50 Kisses is the first of the Create50 projects from LSWF headed up by Chris Jones and Judy Goldberg. Select 50 short scripts from almost 2000 entries, ask directors from around the world to turn them into films, then select the best finished products and create a feature out of them.
50 Kisses really is a triumph of collaboration, at every single level, and a story from which aspiring film-makers can learn a lot.
From the early script selection process all the way through to the final edit, the power of many voices is evident. I’d been lucky enough to be on the script reading team at the beginning and was excited to see what had become of the 50 chosen scripts.
The result is simply awesome! Around 25 films made it to the final cut, each of which holds their own perfectly as a stand-alone piece. From Beryl a comedy about a couple of old ladies playing a trick on a handsome young man, to Smasheroo a heart-stoppingly beautiful portrayal of a husband and wife struggling to cope after an accident, to Neil a classic sci-fi tale asking what makes us human – every film, whilst not always to everyone’s taste, is compelling in its own way.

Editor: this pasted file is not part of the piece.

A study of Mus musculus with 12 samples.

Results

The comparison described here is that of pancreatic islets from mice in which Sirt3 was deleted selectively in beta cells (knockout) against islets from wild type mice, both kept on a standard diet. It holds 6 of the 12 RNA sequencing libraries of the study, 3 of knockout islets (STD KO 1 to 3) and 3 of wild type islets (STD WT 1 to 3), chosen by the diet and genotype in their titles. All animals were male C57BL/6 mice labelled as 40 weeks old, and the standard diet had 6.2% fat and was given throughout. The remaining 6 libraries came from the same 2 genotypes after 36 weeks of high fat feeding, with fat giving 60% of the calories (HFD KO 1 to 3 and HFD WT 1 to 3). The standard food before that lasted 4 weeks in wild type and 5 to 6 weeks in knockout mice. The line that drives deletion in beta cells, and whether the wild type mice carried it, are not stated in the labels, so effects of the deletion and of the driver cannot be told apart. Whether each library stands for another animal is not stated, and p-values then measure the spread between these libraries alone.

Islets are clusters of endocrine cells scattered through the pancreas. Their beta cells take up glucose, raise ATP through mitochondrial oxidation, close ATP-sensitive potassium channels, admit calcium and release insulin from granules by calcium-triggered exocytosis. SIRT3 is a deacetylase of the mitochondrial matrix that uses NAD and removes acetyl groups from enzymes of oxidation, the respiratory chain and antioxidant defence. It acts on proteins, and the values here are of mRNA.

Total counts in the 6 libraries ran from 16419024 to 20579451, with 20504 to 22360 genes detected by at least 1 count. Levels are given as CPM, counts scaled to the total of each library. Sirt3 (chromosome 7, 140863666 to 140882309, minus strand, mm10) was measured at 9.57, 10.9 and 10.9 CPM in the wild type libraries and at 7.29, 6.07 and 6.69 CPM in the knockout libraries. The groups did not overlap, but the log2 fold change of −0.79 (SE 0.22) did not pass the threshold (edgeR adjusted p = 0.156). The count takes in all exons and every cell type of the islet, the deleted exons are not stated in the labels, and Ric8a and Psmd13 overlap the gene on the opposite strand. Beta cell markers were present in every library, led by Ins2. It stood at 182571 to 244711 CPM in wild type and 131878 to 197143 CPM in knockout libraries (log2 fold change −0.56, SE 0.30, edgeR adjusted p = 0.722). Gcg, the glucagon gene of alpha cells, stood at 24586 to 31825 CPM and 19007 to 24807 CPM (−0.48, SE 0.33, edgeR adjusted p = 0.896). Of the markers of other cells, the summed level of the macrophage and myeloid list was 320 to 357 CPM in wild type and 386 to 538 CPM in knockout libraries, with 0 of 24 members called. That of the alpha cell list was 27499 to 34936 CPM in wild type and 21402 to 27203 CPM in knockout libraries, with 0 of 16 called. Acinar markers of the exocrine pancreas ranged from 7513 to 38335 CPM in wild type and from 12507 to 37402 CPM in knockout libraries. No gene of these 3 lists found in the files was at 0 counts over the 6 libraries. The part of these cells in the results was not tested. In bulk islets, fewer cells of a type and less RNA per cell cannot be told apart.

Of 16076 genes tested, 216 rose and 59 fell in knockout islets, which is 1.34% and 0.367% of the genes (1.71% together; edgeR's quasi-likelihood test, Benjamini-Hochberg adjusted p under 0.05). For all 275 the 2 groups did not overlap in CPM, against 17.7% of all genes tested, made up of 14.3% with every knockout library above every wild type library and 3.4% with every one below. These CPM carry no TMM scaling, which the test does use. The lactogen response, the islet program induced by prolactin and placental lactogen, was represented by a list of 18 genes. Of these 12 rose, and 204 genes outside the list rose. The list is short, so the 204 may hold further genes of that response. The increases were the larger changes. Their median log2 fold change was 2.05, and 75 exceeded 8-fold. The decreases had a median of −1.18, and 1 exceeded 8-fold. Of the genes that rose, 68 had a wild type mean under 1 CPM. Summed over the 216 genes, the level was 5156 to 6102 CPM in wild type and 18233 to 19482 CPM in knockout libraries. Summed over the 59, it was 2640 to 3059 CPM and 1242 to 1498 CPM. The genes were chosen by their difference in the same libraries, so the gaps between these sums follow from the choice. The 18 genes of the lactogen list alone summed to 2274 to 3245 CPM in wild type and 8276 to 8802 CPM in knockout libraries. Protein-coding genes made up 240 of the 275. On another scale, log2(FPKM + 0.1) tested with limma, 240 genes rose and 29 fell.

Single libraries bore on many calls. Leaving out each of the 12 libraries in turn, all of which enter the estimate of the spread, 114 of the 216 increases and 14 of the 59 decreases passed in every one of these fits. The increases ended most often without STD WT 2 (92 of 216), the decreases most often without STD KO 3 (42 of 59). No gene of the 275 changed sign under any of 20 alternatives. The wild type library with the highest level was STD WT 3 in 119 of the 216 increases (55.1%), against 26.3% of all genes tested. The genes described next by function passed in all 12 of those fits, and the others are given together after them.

And yet 50 Kisses still manages to be bigger and better than the sum of those incredible parts. Overall director Chris Jones and his team have woven together a simply stunning film that despite not having any tangible through-narrative as such, tells a story that runs deeper than plot.
I’ve always believed audiences are far more intelligent than most film-makers give them credit for, and 50 Kisses certainly has a huge amount of respect for its audience. It has the ability to make you laugh out loud one minute, and be teary-eyed the next. And it asks a lot of the audience – to engage and empathise with multiple characters, whilst also finding your own narrative amongst its many parts. But it’s also exactly what a movie should be – entertainment. You can sit back and relax into it, or you can lean in and look closer, finding more and more with each viewing.
And that’s what ultimately makes it a success – it’s a thoroughly enjoyable, rewarding and entertaining movie. It harnesses the power of collaboration and multiple voices to stir an audience on many different levels, in many different ways.
It will be very exciting to see not just what Create50 does next, but also what the individual film-makers turn their creative eye to. I’ve heard of some great partnerships emerging from this project already and that’s exactly what the film industry needs!
As film-makers, there’s lots we can learn from 50 Kisses. However, for now just watch and enjoy!